Thursday, July 12, 2007

NCAA Penalizes 75 Schools - meanwhile the swimmers got crushed at Ohio Univ.

Talking NCAA sports and academic progress.
TEXAS SWIMMING: NCAA Penalizes 75 Schools 112 teams at 75 colleges failed to meet the Academic Progress Rate requirements.

81 of those 112 teams face scholarship cuts.

49 teams have received warning letters for failure to meet academic standards for three (3) consecutive years.

44% of men's basketball teams face sanctions next year.

40% of football teams face sanctions next year.

35% of baseball teams face sanctions next year.

67% of the teams facing penalties are men's basketball, football, or baseball teams.

Ready for the swimming numbers? Only one school in the country (Florida A&M) was cited for poor academic performance in swimming.

So here it is in a nutshell:

We pump all kinds of money into football, basketball, and baseball only to see these sports at the top of the 'Dumbass' category.

We cut sports like swimming that rarely get into academic trouble. We are near the top in academics but are told we shouldn't exist.

What a screwed up world it's become....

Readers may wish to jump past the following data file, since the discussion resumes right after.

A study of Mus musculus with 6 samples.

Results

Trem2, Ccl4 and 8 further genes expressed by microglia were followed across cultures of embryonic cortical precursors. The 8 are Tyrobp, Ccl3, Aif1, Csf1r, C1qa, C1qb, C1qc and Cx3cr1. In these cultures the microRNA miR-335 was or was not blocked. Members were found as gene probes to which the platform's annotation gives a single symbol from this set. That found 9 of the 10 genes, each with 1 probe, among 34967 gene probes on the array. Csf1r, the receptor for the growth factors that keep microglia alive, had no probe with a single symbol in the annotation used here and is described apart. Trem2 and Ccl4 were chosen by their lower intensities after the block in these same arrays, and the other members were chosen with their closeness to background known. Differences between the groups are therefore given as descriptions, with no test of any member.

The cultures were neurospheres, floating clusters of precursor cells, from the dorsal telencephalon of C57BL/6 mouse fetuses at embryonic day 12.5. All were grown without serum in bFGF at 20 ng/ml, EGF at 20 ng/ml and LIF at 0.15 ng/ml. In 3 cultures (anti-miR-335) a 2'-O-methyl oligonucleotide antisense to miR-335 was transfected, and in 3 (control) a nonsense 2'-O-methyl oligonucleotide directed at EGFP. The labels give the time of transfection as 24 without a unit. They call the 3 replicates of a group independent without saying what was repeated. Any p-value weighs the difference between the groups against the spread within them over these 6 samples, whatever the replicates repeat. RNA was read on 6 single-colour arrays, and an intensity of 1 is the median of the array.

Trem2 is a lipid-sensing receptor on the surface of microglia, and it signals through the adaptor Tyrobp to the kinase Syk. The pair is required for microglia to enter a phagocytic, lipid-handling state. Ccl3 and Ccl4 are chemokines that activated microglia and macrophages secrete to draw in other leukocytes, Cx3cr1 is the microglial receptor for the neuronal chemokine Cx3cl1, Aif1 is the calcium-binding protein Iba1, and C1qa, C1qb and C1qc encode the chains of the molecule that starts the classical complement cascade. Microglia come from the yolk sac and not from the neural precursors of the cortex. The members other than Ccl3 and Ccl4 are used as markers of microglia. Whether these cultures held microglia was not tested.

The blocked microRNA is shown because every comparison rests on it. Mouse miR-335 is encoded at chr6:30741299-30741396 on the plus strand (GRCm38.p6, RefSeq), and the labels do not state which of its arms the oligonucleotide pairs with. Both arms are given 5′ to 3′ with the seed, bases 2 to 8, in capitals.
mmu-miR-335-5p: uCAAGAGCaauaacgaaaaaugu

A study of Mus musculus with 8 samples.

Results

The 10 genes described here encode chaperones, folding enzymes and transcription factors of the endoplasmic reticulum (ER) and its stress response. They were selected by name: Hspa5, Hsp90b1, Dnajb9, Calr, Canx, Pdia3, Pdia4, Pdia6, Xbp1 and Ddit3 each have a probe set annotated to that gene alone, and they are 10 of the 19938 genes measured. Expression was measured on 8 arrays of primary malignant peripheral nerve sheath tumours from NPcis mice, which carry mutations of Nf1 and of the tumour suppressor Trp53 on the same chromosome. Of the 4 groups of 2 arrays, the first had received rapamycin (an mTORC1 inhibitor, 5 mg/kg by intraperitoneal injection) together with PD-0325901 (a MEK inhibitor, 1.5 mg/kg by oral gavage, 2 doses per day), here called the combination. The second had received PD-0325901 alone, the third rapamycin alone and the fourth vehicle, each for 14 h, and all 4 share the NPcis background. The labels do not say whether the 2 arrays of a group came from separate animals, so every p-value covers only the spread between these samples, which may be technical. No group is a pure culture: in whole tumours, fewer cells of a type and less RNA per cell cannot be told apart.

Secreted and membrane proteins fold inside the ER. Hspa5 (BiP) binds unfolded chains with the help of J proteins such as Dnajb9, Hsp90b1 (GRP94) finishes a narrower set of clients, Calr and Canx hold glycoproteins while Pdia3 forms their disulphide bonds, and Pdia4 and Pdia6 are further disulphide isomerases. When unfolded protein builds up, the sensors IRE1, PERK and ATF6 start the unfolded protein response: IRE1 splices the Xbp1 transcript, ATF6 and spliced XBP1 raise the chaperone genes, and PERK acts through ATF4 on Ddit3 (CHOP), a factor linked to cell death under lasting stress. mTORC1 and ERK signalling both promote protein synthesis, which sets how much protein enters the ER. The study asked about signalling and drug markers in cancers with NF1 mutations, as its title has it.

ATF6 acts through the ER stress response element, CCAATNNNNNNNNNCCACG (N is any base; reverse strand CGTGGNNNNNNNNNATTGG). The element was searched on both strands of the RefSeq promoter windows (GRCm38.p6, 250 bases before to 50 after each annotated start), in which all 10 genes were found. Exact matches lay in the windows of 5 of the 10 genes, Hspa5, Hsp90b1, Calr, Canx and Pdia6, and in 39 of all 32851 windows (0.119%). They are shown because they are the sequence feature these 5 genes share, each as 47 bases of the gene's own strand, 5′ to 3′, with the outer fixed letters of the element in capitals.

The Ohio University Men's Swim Team was cut. They swam this year. The team won't be around next year. This is still a bad decision and makes me sad.

But there is more. The guys on the squad were able to transfer to other NCAA schools. However, the NCAA rules of making annual academic progress were hard, if not impossible, for some of the student athletes because Ohio University is on an academic calendar that has QUARTERS and most other universities have SEMESTERS. The quarter hours don't always transfer into another system so as to meet the 'academic benchmarks' that the NCAA rules require. More dumb rules.

So, lots of the swimmers lost their team to no fault of their own. And, when forced to transfer to another school to continue to study and swim -- they lost a year of eligibility and opportunity.

Any athlete that is in a program that gets cut (because of Title IX) should be able to be eligible for a transfer for the next season without hardship on the athlete. The athlete should be given a free pass to play anywhere that will have him or her -- for the next year -- without worry about grades and academic progress.